Famously sneaky particles have been caught behaving in a new way.
For the first time, scientists have detected neutrinos scattering off the nucleus of an atom. The process, predicted more than four decades ago, provides a new way to test fundamental physics. It will also help scientists to better characterize the neutrino, a misfit particle that has a tiny mass and interacts so feebly with matter that it can easily sail through the entire Earth.
The detection, reported online August 3 in Science, “has really big implications,” says physicist Janet Conrad of MIT, who was not involved with the research. It fills in a missing piece of the standard model, the theory that explains how particles behave: The model predicts that neutrinos interact with nuclei. And, says Conrad, the discovery “opens up a whole new area of measurements” to further test the standard model’s predictions.
Scientists typically spot neutrinos when they interact with a single proton or neutron. But the new study measures “coherent” scattering, in which a low-energy neutrino interacts with an entire atomic nucleus at once, ricocheting away and causing the nucleus to recoil slightly in response.
“It’s exciting to measure it for the first time,” says physicist Kate Scholberg of Duke University, spokesperson for the collaboration — named COHERENT — that made the new finding.
In the past, neutrino hunters have built enormous detectors to boost their chances of catching a glimpse of the particles — a necessity because the aloof particles interact so rarely. While still rare, coherent neutrino scattering occurs more often than previously detected types of neutrino interactions. That means detectors can be smaller and still catch enough interactions to detect the process. COHERENT’s detector, a crystal of cesium and iodine, weighs only about 15 kilograms. “It’s the first handheld neutrino detector; you can just carry it around,” says physicist Juan Collar of the University of Chicago.
Collar, Scholberg and colleagues installed their detector at the Spallation Neutron Source at Oak Ridge National Laboratory in Tennessee. The facility generates bursts of neutrons and, as a by-product, produces neutrinos at energies that COHERENT’s detector can spot. When a nucleus in the crystal recoils due to a scattering neutrino, a flash of light appears and is captured by a light sensor. The signal of the recoiling nucleus is incredibly subtle — like detecting the motion of a bowling ball when hit by a ping-pong ball — which is why the effect remained undetected until now.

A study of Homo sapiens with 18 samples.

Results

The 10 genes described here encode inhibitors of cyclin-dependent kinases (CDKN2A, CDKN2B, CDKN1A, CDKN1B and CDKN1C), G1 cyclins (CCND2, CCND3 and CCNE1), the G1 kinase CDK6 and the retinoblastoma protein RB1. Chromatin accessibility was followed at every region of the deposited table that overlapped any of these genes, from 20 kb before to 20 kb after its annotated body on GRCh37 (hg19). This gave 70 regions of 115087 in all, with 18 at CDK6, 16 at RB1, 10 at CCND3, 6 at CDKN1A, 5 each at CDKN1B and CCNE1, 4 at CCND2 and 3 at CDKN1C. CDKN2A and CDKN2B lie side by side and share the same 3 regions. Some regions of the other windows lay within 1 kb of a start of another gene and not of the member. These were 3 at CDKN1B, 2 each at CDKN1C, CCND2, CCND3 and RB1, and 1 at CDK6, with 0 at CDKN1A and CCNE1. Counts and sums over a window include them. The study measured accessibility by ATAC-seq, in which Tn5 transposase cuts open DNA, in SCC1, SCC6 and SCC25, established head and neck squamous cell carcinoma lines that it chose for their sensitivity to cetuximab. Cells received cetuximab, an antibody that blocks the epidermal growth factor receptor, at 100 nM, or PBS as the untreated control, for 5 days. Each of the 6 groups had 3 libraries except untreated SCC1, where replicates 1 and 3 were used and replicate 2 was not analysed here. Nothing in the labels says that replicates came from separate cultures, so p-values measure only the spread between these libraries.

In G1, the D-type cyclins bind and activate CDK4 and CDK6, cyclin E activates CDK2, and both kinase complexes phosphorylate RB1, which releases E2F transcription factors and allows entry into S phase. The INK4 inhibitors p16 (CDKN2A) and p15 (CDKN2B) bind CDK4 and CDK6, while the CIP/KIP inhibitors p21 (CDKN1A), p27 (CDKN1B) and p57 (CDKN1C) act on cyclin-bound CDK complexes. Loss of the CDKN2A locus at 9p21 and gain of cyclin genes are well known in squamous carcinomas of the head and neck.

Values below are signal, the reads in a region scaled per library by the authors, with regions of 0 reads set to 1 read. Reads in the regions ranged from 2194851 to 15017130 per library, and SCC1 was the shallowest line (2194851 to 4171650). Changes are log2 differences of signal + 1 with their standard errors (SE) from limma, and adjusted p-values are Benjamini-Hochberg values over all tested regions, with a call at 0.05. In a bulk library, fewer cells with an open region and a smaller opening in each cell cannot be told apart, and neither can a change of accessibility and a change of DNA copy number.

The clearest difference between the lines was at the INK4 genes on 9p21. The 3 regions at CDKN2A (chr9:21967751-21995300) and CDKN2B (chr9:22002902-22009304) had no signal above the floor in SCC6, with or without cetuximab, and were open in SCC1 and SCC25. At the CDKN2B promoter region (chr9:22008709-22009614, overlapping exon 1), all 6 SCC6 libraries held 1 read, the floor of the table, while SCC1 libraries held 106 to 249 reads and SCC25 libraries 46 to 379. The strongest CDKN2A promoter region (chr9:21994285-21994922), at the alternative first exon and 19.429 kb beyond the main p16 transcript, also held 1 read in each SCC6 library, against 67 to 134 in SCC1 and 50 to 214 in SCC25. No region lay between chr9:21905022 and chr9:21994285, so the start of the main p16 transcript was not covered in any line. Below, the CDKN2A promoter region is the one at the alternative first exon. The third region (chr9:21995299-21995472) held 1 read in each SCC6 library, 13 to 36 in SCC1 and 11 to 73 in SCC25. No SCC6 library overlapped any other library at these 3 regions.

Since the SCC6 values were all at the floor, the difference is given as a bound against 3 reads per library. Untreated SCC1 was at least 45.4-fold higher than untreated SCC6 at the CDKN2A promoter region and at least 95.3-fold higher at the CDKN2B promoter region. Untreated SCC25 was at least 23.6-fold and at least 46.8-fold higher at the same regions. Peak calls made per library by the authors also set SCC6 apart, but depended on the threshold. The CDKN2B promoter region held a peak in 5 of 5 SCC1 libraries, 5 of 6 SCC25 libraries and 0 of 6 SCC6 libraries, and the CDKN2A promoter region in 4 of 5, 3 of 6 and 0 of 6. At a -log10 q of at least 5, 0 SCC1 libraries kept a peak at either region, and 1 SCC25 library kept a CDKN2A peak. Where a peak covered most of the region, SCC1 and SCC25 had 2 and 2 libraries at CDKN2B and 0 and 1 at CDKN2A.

Measuring coherent neutrino scattering could help scientists understand the processes that occur within exploding stars, or supernovas, which emit huge numbers of neutrinos (SN: 02/18/17, p. 24). The process could be used to detect supernovas as well — if a supernova explodes nearby, scientists could spot its neutrinos scattering off nuclei in their detectors.
Similar scattering might also help scientists detect dark matter, an invisible source of mass that pervades the universe. Dark matter particles could scatter off atomic nuclei just as neutrinos do, causing a recoil. The study indicates that such recoils are detectable — good news since several dark matter experiments are currently attempting to measure recoils of nuclei (SN: 11/12/16, p. 14). But it also suggests a looming problem: As dark matter detectors become more sensitive, neutrinos bouncing off the nuclei will swamp any signs of dark matter.
Coherent neutrino scattering detectors could lead to practical applications as well: Small-scale neutrino detectors could eventually detect neutrinos produced in nuclear reactors to monitor for attempts to develop nuclear weapons, for example.
Physicist Daniel Freedman of MIT, who predicted in 1974 that neutrinos would scatter off nuclei, is pleased that his prediction has finally been confirmed. “It’s a thrill.”